3 Great Reasons to Open a CD Today

Certificate of deposit, or CD, accounts have become far more appealing to savers than they were just a few years ago. As I’ll discuss in a bit, CDs have their highest interest rates in more than 15 years, but there’s no guarantee it will stay that way. Plus, the requirements for opening a CD make it easier than ever to get started, even if you don’t have a ton of money available.

1. Historically high yields

As of this writing, CD rates are hovering near their highest level since before the 2008 financial crisis, and the rise has been especially apparent among shorter-term CDs. According to data from the Organization for Economic Co-Operation Development, the average rate on a 3-month CD rose from an average of 0.11% in 2021 when the Fed’s zero-interest policy was in full effect to 5.16% in 2023, and they remain near that level.

2. Interest rates are forecast to go down

By far, the most compelling reason for using a CD instead of a savings or money market account is that you get a guaranteed yield for a certain amount of time.

To be perfectly clear, as of this writing, it’s entirely possible to get a higher yield from a savings account than a CD in many cases. But it’s important to realize that this is the yield you’re getting today.

Our Picks for the Best High-Yield Savings Accounts of 2024



Rate info





The problem is that 5.00% APY from savings isn’t guaranteed. If the economy takes a downward turn and the Federal Reserve starts to aggressively cut rates, that yield could fall sharply. But the rate you lock in on a CD now is guaranteed for the duration of its term, be that three months, or five years

We certainly have no idea if rates will plunge anytime soon, or when it could happen. But virtually all experts believe the general direction of interest rates over the next few years will be downward, so opening a CD now while rates are up can let you lock in a high yield.

3. You can (literally) get started with a dollar

Of course, $1 compounded at a 4%-5% annualized rate isn’t likely to get your blood pumping, but the point is that with the emergence of online banking, CDs have become far more accessible than they once were. It wasn’t too long ago when banks often required $500, $1,000, or even more just to open a CD.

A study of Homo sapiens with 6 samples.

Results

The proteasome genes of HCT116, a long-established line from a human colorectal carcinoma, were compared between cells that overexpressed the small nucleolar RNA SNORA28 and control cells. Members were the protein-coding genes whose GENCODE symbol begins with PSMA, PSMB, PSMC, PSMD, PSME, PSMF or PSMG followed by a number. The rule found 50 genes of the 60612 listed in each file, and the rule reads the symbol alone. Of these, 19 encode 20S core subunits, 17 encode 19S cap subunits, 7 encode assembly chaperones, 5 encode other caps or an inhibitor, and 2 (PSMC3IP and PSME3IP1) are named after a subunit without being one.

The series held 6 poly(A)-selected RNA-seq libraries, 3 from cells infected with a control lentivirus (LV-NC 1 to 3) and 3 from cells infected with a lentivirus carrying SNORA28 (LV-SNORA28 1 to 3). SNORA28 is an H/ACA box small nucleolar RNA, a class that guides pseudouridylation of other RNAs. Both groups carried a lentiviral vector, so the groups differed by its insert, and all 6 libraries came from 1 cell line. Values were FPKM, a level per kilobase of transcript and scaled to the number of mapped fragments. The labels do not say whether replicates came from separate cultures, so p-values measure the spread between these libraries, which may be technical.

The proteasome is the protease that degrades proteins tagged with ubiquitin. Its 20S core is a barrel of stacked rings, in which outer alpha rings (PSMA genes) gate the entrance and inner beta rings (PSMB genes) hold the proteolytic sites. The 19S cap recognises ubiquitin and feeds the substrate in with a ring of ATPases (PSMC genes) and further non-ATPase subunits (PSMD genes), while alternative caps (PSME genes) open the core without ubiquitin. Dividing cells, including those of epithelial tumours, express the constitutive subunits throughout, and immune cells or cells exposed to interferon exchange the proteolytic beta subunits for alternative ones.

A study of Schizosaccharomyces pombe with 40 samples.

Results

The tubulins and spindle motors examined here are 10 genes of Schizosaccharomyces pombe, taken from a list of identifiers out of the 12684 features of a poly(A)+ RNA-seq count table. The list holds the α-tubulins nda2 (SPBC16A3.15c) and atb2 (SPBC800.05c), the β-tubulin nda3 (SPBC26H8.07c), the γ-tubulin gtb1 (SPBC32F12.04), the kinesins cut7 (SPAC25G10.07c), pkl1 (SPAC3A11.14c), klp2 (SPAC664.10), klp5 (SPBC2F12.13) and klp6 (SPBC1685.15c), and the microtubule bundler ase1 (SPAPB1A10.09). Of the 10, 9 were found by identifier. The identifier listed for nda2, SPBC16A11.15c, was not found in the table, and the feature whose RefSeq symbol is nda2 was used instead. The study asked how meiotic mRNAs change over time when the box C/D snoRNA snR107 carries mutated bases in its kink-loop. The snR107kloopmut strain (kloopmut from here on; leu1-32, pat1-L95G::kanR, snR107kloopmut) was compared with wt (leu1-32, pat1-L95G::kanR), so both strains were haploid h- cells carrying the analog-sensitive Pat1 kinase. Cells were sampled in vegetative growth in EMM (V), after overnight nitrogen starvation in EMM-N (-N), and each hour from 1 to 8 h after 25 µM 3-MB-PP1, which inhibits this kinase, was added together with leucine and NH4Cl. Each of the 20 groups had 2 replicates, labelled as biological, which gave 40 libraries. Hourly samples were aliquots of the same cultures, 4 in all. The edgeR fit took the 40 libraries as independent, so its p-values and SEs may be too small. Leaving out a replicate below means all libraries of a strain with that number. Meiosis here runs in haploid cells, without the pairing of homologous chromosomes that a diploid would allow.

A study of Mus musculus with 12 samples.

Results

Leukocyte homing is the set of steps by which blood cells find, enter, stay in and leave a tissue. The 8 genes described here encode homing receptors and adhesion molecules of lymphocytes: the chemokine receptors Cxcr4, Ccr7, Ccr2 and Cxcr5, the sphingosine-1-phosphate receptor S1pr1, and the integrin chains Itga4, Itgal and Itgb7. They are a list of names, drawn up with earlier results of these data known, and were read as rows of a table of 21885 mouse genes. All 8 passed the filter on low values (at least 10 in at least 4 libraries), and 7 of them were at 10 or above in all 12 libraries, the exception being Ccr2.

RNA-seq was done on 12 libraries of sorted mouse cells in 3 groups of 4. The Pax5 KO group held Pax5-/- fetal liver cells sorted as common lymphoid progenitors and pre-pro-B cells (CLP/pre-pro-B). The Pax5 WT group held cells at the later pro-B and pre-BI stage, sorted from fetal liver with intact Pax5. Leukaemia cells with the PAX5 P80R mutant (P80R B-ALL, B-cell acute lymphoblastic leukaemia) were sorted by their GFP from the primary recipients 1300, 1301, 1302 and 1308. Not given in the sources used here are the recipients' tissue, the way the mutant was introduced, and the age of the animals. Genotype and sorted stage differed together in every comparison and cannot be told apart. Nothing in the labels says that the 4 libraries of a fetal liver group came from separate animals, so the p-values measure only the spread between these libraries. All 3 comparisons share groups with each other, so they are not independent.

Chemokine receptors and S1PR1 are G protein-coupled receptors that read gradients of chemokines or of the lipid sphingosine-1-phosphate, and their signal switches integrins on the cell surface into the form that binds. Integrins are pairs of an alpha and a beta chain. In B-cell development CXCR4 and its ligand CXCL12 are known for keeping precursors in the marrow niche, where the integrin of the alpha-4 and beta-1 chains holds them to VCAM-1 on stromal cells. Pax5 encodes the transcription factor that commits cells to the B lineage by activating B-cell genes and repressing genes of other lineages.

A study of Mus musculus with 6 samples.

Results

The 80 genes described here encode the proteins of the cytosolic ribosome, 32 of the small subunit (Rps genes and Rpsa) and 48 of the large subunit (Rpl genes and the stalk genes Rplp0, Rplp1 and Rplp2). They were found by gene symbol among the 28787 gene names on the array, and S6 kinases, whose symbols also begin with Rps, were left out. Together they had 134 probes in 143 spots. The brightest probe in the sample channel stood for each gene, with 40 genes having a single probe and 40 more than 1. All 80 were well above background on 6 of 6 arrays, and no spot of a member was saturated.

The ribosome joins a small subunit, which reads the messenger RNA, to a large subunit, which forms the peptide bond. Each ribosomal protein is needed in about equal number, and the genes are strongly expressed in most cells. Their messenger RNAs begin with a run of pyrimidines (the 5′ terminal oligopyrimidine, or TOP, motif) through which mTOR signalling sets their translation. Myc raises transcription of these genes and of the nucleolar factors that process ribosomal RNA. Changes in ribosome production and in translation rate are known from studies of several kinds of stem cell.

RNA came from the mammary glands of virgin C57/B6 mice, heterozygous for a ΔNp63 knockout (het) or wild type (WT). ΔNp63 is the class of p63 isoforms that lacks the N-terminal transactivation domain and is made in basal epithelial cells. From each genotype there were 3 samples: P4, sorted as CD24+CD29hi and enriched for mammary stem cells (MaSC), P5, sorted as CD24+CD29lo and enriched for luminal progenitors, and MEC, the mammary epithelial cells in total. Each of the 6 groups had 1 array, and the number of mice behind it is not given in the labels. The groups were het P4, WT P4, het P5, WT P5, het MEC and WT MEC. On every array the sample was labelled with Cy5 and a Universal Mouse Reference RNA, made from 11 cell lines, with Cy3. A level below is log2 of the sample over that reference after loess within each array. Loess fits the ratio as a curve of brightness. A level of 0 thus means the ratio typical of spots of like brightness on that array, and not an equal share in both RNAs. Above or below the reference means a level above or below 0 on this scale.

That has changed. There are now some excellent financial institutions that offer CDs with no minimum deposit whatsoever, and in many cases, you can have dozens (or more) CDs open at the same time with the same bank.

So, if your goal is to save a certain amount of money in a CD (say $1,000), you don’t necessarily need to wait until you’ve saved it. Let’s say that you have $200 available today. You can open a high-yield CD with it, and simply open additional CDs as you have more money available. If you don’t think you have enough money to earn a reasonable amount of interest in a CD, it doesn’t necessarily need to stop you from opening an account today.

Should you open a CD today?

CDs aren’t the best fit for everyone, and there’s no way to say with 100% certainty that right now is an ideal time to open a CD. After all, it’s entirely possible that inflation could spike again, and CD yields could rise to 6% or even 7% as a result. It’s not the most likely scenario, but it could happen.

However, if any or all of the three reasons I’ve outlined above seem as if they fit your current financial situation, it could be an excellent idea to open a CD right now.

These savings accounts are FDIC insured and could earn you 11x your bank

Many people are missing out on guaranteed returns as their money languishes in a big bank savings account earning next to no interest. Our picks of the best online savings accounts could earn you 11x the national average savings account rate. Click here to uncover the best-in-class accounts that landed a spot on our short list of the best savings accounts for 2024.